SAN MATEO, Calif. - As operating frequencies on deep-submicron chips continue to rise and-more important-as edge rates spiral almost unnoticed, design teams and vendors alike are getting an uncomfortable feeling about parasitic extraction, signal integrity and even basic timing analysis, according to many industry leaders.
The problem has at least two facets, some say. First, and by far the best publicized, the increasingly dense three-dimensional structures that make up the metal stack in a 130-nanometer design have all sorts of parasitic impedances: resistance within the copper itself, capacitance between a metal segment and substrate, capacitance between nearby metal segments, self-inductance and, many fear, significant mutual inductance to other, not necessarily nearby metal structures.
This by itself is creating a problem, not so much of physics but of scale. Tool developers are reporting huge growth in the size of the files used and produced during the extraction process even when very aggressive approximations are employed. This affects the amount of resources needed to achieve signal integrity and timing estimates, and raises questions about their reliability.
Into RF zones
But another factor has reared its head at recent conferences. Even with clock frequencies in the hundreds of megahertz, edge rates are getting so high on 130-nm processes that much of the energy of a pulse train occurs at frequencies where only RF design tools are appropriate. Thus transmission-line effects and, more recently, skin effect have become significant issues in interconnect modeling.
Nowhere is this more of an issue than in analog design. "We are seeing this even in the problem of circuit sizing for analog design,"said Aykut Dengi of Neolinear Inc. (Tempe, Ariz.) in a recent interview. "Passive components are interacting with each other and with the wires, and at today's frequencies, these interactions can have a first-order impact on sizing."
Dengi said the rather simplistic model extraction and sizing tools used in the past may still work for an initial pass, but were already failing in verification and might not converge into a correct result if used in an iterative, automated sizing algorithm. Field solvers, he said, gave much more reliable results in general, but were not intended for use in IC structures or optimized for that purpose. This mismatch could cause extended run-times, Denge claimed.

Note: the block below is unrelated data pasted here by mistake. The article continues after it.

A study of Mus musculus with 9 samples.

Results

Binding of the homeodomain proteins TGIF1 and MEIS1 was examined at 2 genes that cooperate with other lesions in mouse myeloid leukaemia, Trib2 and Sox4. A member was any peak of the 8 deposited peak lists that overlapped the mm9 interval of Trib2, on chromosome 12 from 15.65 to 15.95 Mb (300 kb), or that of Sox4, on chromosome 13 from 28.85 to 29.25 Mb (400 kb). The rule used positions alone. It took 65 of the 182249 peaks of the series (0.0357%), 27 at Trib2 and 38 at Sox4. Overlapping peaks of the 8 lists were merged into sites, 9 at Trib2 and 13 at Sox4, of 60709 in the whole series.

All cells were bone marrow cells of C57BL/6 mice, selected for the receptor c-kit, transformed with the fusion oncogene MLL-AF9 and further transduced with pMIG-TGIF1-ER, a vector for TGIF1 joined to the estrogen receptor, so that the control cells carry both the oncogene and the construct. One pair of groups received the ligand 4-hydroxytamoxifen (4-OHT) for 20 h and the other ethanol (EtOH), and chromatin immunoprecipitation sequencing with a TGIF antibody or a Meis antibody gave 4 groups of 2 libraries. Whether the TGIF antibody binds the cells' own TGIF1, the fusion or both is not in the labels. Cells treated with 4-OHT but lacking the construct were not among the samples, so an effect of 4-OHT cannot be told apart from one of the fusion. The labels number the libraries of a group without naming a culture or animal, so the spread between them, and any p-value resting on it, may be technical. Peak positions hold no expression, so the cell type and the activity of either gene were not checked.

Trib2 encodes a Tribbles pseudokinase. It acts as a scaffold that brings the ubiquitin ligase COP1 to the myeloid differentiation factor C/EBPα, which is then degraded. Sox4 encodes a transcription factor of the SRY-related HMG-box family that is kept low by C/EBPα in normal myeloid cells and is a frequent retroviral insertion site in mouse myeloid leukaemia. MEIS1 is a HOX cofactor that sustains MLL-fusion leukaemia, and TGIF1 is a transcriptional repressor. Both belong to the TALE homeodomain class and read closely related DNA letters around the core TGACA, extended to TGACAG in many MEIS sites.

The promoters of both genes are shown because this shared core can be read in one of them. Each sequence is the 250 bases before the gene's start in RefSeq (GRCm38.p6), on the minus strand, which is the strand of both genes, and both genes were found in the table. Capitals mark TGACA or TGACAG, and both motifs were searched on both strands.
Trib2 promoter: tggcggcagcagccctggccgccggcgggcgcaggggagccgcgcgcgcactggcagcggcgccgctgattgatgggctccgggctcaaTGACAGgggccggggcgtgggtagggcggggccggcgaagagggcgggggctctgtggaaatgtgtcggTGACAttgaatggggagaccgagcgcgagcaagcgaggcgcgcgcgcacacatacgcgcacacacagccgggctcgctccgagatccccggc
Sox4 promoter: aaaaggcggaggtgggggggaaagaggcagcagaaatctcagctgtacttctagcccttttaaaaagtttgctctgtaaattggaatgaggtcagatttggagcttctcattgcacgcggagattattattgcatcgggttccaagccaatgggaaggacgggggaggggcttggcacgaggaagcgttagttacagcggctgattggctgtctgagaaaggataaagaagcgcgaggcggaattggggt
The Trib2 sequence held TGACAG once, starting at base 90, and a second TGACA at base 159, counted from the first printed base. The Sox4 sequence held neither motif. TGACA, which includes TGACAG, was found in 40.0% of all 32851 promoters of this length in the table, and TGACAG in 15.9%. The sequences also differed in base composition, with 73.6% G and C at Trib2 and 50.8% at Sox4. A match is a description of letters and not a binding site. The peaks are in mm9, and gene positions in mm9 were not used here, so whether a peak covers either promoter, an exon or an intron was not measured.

This point was corroborated by papers at the recent ICCAD conference in San Jose, Calif., where much work was shown on novel mathematical approaches to avoid the mechanical-CAD-like surface meshes created by many conventional algorithms. The result of exploring different kinds of discrete approximations to fields usually was a huge series of integral equations that in turn required their own digital solver algorithm.
If the bottom line is that there is not enough time for any field solver approach, Dengi suggested that it may be necessary to constrain designs to using only patterns that have been solved ahead of time and placed in a library. This approach is already being used in standard-cell development, but may also have to be extended to interconnect and to the design of passive components on the die.
Whether, in particular, routing tools can adapt to using a fixed collection of patterns instead of an optimization scheme based on paths between endpoints remains to be seen. The approach would appear to be at least similar to the routing algorithm used in the Plato router-but when it comes to the art of routing, "similar" and "compatible" are very different things.